God and Allah

April 30, 2016

church_and_mosque[1]Last month my publisher gave the green light to start work on The Same God? Reference and Identity in Jewish, Christian, and Muslim Scriptures.  Yes, that old question of whether Muslims worship the same God as Christians, which surfaced again last year when Larycia Hawkins, an associate professor at Wheaton College, was suspended following her Facebook post citing Pope Francis’s statement that Muslims and Christians worship the same God. Bill Vallicella has a good post about the question here, and see Beckwith’s discussion, as well as this by someone called ‘Tuggy’.

The first, and natural reaction, is that the Muslim and the Christian God cannot be the same, given the radically different conceptions that Muslims and Christians hold of the supreme being. Muslims believe that God is not triune, Christians believe that he is triune. Since being triune and not being triune are incompatible, it follows that no being could simultaneously instantiate the Muslim and the Christian conceptions, and so, given that there can be only one supreme being, it seems to follow that Muslims and Christians do not worship the same God. On this view, either the Christian or the Muslim is an idolater: one or the other entertains a conception of something that does not exist, but that which does not exist cannot be a genuine object of worship.

But not so fast! As Christopher Howse pointed out here, the fact that you think others are mistaken in their description of someone’s characteristics does not mean that they are referring to a different person.

Someone, for example, might call Spartacus a “freedom fighter” and someone else call him a “murderous rebel”, but they are talking about the same man.

On this view, either the Christian or the Muslim is a heretic, by claiming that God has attributes which are contrary to the orthodox view. John of Damascus says:

There are many other extraordinary and quite ridiculous things in this book [Quran] which he [Muhammad] boasts was sent down to him from God. But when we ask: ‘And who is there to testify that God gave him the book? And which of the prophets foretold that such a prophet would rise up?’—they are at a loss.’ ‘Moreover, they call us Hetaeriasts, or Associators, because, they say, we introduce an associate with God by declaring Christ to the Son of God and God.’ ‘by avoiding the introduction of an associate with God you have mutilated Him. It would be far better for you to say that He has an associate than to mutilate Him, as if you were dealing with a stone or a piece of wood or some other inanimate object. Thus, you speak untruly when you call us Hetaeriasts; we retort by calling you Mutilators of God.’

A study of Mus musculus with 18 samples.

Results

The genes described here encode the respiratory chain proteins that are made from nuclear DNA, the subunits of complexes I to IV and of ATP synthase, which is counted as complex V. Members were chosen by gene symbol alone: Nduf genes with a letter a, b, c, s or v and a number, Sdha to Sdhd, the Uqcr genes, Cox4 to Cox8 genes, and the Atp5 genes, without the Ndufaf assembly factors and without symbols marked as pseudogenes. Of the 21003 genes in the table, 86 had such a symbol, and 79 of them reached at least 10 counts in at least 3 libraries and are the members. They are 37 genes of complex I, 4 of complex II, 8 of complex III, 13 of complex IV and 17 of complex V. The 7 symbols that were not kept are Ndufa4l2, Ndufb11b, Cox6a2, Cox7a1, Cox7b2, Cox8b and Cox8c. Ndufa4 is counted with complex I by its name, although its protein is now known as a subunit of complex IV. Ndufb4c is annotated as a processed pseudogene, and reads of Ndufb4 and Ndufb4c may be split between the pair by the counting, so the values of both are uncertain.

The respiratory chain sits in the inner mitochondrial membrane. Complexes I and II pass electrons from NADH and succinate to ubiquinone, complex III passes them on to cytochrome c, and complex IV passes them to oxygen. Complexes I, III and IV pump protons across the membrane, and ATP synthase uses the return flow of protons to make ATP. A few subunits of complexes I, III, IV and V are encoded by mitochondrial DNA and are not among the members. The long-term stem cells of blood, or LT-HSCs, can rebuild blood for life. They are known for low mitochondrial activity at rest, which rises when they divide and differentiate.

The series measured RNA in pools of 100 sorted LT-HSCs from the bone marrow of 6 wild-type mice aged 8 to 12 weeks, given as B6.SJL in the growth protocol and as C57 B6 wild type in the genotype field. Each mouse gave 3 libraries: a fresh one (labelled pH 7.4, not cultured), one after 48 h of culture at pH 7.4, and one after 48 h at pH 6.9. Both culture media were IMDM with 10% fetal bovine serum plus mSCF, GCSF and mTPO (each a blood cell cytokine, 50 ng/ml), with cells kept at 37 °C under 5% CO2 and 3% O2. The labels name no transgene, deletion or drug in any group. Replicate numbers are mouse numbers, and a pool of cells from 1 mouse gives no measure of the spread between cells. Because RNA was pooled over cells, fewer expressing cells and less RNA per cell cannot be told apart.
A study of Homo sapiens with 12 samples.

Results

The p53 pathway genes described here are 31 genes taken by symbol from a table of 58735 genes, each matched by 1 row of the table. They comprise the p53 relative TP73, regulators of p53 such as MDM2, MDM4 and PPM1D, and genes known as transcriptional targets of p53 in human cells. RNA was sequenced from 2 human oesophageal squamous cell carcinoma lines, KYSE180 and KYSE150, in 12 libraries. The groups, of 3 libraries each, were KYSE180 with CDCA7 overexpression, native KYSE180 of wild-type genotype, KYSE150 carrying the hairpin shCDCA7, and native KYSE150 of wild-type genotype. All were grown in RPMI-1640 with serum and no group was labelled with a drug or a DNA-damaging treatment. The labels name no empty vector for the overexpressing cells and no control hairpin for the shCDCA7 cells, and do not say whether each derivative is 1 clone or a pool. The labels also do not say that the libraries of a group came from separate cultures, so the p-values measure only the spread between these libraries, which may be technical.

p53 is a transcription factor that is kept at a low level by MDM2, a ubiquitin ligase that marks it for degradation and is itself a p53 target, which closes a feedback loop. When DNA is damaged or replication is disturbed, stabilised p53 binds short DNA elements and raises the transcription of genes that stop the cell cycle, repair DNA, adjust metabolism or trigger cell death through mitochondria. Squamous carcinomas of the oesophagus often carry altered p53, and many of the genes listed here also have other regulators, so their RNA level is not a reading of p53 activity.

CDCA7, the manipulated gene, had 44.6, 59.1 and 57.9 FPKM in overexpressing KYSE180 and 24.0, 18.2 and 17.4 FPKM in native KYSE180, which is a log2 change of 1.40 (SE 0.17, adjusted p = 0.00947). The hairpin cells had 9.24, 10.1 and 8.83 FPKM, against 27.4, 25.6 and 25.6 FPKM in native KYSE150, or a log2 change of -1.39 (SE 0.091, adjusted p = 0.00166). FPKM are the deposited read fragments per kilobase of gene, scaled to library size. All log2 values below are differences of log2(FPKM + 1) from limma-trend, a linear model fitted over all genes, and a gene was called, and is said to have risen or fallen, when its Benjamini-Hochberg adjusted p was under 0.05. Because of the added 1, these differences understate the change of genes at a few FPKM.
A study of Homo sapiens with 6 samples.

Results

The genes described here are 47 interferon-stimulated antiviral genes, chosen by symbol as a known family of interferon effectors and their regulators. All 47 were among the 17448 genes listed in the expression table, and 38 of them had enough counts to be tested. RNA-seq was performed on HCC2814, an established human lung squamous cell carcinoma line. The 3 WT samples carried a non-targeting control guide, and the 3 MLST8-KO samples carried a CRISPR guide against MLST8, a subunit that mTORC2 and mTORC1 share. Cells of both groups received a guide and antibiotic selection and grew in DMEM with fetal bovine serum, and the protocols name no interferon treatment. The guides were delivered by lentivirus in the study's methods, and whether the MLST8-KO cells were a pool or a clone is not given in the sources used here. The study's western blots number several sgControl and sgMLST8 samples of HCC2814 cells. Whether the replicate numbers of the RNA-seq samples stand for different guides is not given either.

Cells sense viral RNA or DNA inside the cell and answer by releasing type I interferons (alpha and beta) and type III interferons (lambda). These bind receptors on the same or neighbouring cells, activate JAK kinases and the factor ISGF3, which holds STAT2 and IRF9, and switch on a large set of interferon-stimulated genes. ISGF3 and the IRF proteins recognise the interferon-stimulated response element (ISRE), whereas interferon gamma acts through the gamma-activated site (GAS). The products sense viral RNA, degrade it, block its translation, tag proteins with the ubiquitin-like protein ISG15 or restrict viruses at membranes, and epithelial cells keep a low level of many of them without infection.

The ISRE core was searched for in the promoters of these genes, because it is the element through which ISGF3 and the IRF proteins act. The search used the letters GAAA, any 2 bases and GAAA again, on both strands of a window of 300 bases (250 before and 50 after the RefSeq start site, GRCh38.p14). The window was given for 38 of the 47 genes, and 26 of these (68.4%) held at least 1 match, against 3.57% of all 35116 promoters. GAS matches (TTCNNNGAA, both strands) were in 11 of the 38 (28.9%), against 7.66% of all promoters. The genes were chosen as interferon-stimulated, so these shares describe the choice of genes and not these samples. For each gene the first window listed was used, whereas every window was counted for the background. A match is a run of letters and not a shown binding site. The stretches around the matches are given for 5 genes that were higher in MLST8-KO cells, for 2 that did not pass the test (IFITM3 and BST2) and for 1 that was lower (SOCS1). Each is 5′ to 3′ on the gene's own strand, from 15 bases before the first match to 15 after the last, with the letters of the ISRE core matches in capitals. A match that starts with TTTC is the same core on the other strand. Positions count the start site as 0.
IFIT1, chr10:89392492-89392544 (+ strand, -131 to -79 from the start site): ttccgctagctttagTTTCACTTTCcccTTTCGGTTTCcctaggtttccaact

John is clearly referring to God throughout. Second, he is also stating what Muhammad says via indirect quotation: ‘which he [Muhammad] boasts was sent down to him from God’. Thus he concedes that the being that Muhammad is boasting about is identical to the being that he worships. And so it is heresy, not idolatry. Muhammad denies there is an ‘associate’ of the very same being that John worships. Muhammad does not deny the existence of Jesus, but he does deny the relationship between Jesus and God claimed by orthodox Christians.

But it is still more difficult. Howse claims that when someone calls Spartacus a “freedom fighter” and someone else calls him a “murderous rebel”, they are both talking about the same man. This begs the question. What relation is invoked by calling someone a name? How do we talk about that person? Well, we use a proper name like ‘Spartacus’, but how does a proper name enable us to do this? Does it embed a description like ‘Thracian gladiator who led an uprising against the Romans’? If so, names that embed contrary descriptions like ‘triune’ and ‘not triune’ cannot possible refer to the same being, and so we are back to the first position. The question is one of idolatry not heresy. If, on the other hand, proper names do not embed descriptions, if they simply refer to their bearers, then they must refer to an existing bearer. Hence (a) God necessarily exists, because I am able to refer to him in saying ‘God exists’ and (b) it must be possible to determine from the meaning of ‘God’ and the meaning of ‘Allah’ alone, whether they are the same being or not. If I know the meaning of an English word and an Arabic word, I must be able to say whether one translates the other or not.

Can we understand a proposition in which two names occur without knowing whether their meaning is the same or different? Suppose I know the meaning of an English word and of a German word that means the same: then it is impossible for me to be unaware that they do mean the same; I must be capable of translating each into the other. (Wittgenstein, Tractatus Logico-Philosophicus 4.243)

Neither position seems tenable. More later, but as Vallicella says, there is no easy answer to the question. ‘It depends on the resolution of intricate questions in the philosophy of language’.

Ed Buckner
Ed Buckner studied and taught philosophy at the University of Bristol in England. He has a number of publications in the area of both analytic philosophy and medieval logic and philosophy. He is the author, with Jack Zupko, of Duns Scotus on Time & Existence, a translation of an early work by the philosopher-theologian Duns Scotus, with a comprehensive and detailed commentary. Now mostly retired, he curates the Logic Museum, a collection of primary sources in the history of logic.